Smartphones are transforming professional conversations.
You are about to explain some exercises you'd like your patient to do for her injured neck. She holds up her phone and asks if it's OK to record your advice so she can remember it better and so she can share it with her caregiver.
Should you let her?
It’s a question more physicians may be facing soon. Cellphones are ubiquitous and patients are increasingly accustomed to using these tools to document their daily lives. Indeed, one recent UK study showed that 15% of patients are secretly recording doctor visits already.
The study also found that 11% of patients said they knew someone who had done this and 35% said they'd consider secretly recording in the future. Another 34% would record if given permission.
Smartphones are transforming professional conversations, says the study’s author, Glyn Elwyn, MD, a professor at Dartmouth Institute for Health Policy and Clinical Practice and former primary care physician. "Patients are beginning to understand that they have a legitimate right to request a recording."
Elwyn and other researchers at Dartmouth have found that patients want to record visits to help them better remember and understand the information, as well as to share it with caregivers-not for malicious reasons or to support a lawsuit.
Yet, these are common objections to recording that some physicians have, Elwyn says.
"We hear the concerns-'I don't want it used in litigation against me' or 'I'm very wary about the motives of the patient.'"
Another issue is a confusing legal picture with laws that vary by state and haven't kept up with technology, as well as lack of clear guidelines from medical associations, says Elwyn, whose group is working with organizations to try to help them come up with policy.
Laws on the matter differ by state and can be murky, Elwyn says. Most states say recording is legal if only one party agrees to it-meaning a physician doesn't have to agree to a recording for it to be legal for a patient to do it. However, 11 states require the consent of all parties: California, Florida, Illinois, Maryland, Massachusetts, Michigan, Montana, New Hampshire, Oregon, Pennsylvania and Washington.
"Nobody knows that," says Elwyn. "It's unprecedented and untested." Also unclear are rules regarding social-media sharing.
HIPAA presents another area of complication. If the patient owns the recording, HIPAA doesn't apply, but does so only if the organization initiates it, says Elwyn. However, some physicians are beginning to offer recording services to patients and store recordings for them on patient portals. Elwyn says it's unclear whether these recordings would be considered to be patient-owned and therefore HIPAA-exempt.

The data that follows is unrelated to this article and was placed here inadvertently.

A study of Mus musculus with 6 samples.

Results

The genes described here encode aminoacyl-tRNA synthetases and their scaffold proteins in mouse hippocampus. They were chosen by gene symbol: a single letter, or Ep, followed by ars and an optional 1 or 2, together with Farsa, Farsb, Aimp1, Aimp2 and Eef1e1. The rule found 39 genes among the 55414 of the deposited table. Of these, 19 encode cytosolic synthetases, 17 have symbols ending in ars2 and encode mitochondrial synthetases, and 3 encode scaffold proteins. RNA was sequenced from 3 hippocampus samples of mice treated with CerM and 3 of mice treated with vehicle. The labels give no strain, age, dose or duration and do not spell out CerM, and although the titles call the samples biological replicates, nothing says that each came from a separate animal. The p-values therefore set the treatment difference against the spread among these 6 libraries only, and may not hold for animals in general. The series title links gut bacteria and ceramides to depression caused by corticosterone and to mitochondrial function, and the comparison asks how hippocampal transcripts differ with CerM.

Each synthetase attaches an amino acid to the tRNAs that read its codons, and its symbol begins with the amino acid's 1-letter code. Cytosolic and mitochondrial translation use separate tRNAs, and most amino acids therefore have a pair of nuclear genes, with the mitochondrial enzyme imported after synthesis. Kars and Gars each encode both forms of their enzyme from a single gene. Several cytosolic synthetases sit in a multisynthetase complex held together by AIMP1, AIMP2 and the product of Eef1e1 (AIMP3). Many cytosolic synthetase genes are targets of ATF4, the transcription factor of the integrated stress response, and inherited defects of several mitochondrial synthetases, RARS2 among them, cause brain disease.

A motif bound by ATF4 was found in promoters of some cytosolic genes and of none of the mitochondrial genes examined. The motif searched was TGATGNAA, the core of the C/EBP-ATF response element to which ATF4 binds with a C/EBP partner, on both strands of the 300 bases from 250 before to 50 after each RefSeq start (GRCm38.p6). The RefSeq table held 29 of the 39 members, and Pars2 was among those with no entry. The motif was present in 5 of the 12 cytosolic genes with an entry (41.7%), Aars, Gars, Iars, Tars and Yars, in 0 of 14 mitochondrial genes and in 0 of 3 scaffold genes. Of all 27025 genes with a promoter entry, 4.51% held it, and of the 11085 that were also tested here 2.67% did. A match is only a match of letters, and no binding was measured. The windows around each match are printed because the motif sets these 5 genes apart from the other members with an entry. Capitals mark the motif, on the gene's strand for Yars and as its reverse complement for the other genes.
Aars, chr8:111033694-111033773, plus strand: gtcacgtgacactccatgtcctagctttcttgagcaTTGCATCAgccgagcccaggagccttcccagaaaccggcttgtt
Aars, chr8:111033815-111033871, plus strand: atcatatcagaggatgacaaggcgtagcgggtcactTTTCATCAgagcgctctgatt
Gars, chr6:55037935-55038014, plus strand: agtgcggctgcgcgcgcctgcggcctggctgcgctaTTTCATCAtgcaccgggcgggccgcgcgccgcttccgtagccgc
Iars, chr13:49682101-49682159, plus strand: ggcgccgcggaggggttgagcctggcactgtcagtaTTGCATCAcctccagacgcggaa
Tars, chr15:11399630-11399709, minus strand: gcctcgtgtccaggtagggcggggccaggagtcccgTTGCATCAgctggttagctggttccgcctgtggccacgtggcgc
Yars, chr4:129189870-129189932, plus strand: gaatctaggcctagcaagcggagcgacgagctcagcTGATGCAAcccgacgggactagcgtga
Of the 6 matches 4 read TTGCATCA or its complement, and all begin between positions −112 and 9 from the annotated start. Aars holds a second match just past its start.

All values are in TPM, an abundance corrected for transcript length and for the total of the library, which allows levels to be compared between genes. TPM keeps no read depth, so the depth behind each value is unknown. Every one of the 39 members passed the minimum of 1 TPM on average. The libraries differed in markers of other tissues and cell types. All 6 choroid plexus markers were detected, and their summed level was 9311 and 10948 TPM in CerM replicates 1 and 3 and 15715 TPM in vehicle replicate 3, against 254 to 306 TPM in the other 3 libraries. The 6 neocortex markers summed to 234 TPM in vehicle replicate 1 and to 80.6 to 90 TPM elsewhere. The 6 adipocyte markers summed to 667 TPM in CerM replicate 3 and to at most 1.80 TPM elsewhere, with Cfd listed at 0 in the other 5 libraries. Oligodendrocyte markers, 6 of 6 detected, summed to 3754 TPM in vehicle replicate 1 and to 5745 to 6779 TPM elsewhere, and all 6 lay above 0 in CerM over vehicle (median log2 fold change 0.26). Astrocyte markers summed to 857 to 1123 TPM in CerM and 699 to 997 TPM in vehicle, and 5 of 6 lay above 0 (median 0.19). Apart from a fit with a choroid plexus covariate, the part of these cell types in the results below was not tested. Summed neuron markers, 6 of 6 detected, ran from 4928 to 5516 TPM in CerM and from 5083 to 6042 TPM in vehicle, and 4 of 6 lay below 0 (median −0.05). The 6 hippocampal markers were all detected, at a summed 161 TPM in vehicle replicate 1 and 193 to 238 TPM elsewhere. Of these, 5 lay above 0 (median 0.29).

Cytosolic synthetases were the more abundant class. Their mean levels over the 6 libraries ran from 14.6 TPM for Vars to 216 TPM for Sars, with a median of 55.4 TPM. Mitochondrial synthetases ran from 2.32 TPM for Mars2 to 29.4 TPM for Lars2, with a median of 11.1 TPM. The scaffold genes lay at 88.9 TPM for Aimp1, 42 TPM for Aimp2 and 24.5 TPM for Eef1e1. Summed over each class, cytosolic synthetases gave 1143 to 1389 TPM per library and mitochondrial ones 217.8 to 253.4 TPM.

Elwyn's team at Dartmouth is working with several of these practitioners to develop an easy-to-use recording service that will store recordings in a secure site online, where patients can search by keyword to quickly find their doctor's words on given topics.
James Ryan, DO, a family doctor in private practice in Ludington, Michigan, is one of the physicians contributing to Dartmouth's research. Ryan spent about $30,000 developing a customized electronic health record (EHR) system that incorporates audio recordings that patients can access online. These recordings are annotated so that patients can easily call up relevant audio about specific topics.
Ryan began offering the service about three years ago to patients over 50 or those with complex conditions. About 500 of Ryan's 2,000 patients have access to the service, with about 10% going online to listen to recordings.
Most likely to use it are those with family members in different parts of the country and even the world, Ryan says, such as retirees who give permission to their children to access their EHRs – to log in and listen to office visits. This can help children see what's going on with their parents; they then can enter comments into the EHR to communicate with him about their concerns.
Ryan also has found that some patients like to replay his words of comfort and advice about handling anxiety or depression.
"They'll listen to that and kind of use it as their own private personal motivation," he says.
The University of Texas Medical Branch in Galveston has been offering free digital recording devices to oncology patients or encouraging them to use their smartphones since 2009. The benefits include “more patient-centered care with the potential for fewer errors, if the patient listens again,” as well as the ability for caregivers who aren’t present to hear instructions, says Meredith Masel, director of the Oliver Center for Patient Safety and Quality Healthcare, which runs the program.
The American Academy of Family Physicians hasn’t issued guidelines to members on this topic, says John Bender, MD, who serves on the board of directors. Bender, who is also a primary care physician at Miramont Family Medicine in Fort Collins, Colorado, says he hasn’t had a patient ask to record him yet.
But, says Bender, he can see how patients can benefit from recording physicians in certain situations, such as during a cancer diagnosis.
"Sometimes when people hear the word 'cancer,' they don't hear anything after that," Bender says.
If recorded content is used to help patients "get to a new position of wellness and patient engagement," says Bender, "by all means let's do this... It's not necessarily something to be feared."